Scarlet fever and immunodeficiency

Scarlet fever (sometimes called scarlatina) is a bacterial illness that causes a distinctive pink-red rash. It is uncommon in the UK but recently there has been an increase in the number of cases reported.

Scarlet fever is caused by bacteria called Streptococcus pyogenes, or group A streptococcus (GAS).

Symptoms of scarlet fever

You can read about scarlet fever from this Public Health England information sheet here.

The characteristic symptom of scarlet fever is a widespread, fine pink-red rash that feels like sandpaper to touch. It may start in one area, but soon spreads to many parts of the body, such as the ears, neck and chest. The rash may be itchy and may be accompanied by a sore throat.

Other symptoms include a high temperature, a flushed face and a red, swollen tongue.

Symptoms of scarlet fever usually develop two to five days after infection, although people are contagious before showing signs of the illness.

Advice for people with immunodeficiency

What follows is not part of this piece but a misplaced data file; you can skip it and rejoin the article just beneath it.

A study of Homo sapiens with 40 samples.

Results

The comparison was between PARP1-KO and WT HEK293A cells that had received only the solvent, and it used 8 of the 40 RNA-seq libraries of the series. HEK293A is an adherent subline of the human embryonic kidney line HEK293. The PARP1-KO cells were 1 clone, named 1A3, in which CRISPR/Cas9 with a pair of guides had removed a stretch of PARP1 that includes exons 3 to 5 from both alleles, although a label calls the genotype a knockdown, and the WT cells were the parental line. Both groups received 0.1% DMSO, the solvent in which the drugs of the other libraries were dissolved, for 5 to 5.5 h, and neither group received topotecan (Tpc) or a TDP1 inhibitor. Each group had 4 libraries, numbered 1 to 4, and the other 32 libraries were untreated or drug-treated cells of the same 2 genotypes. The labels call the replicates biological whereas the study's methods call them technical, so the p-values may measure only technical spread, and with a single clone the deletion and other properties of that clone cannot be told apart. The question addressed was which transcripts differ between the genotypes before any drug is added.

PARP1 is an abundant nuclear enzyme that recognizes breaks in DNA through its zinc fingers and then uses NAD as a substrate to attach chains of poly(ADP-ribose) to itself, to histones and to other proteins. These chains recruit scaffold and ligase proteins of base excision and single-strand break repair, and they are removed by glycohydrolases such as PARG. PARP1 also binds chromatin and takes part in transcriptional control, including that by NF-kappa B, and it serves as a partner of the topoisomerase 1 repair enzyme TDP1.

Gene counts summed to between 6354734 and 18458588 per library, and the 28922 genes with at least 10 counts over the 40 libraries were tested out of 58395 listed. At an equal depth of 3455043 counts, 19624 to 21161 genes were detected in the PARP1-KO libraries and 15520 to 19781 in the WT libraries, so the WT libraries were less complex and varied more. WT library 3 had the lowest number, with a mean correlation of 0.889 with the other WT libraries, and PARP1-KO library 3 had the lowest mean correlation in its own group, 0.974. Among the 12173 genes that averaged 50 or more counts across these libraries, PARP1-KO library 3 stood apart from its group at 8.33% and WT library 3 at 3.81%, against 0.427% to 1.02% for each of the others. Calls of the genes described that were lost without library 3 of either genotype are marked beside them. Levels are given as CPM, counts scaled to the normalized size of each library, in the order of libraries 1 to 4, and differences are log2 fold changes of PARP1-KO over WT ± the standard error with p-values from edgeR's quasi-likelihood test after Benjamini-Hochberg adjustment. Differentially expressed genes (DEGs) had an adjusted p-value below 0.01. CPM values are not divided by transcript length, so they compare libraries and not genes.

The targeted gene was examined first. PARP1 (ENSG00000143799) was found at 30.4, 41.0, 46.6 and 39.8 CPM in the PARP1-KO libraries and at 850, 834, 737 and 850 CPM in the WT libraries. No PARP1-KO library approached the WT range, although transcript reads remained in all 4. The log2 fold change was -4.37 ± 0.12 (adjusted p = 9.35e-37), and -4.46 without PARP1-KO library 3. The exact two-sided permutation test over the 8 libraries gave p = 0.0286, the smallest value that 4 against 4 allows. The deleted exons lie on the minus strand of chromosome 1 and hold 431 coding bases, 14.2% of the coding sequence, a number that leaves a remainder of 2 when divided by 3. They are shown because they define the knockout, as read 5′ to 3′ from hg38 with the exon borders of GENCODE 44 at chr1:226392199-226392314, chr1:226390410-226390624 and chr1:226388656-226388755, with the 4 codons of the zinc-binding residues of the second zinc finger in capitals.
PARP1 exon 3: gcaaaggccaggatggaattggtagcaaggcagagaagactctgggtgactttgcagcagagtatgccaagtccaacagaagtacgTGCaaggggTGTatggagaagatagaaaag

The Public Health England (PHE) advice for outbreak management in schools and nurseries is centred around good hygiene and infection control. You can find out more about this on the PHE information sheet.

People with PID and other people whose immune systems are compromised (either children at the school or adults working in a school) should seek specific advice from their immunology team.

If there is an outbreak of chickenpox and scarlet fever at school then exclusion or antibiotic prophylaxis may be suggested by their team.

For any patient who has a household contact exposed to an outbreak, the advice is the same – seek advice from your immunology team.

This page was reviewed by Dr Matthew Buckland, Chair of our Medical Advisory Panel, August 2022.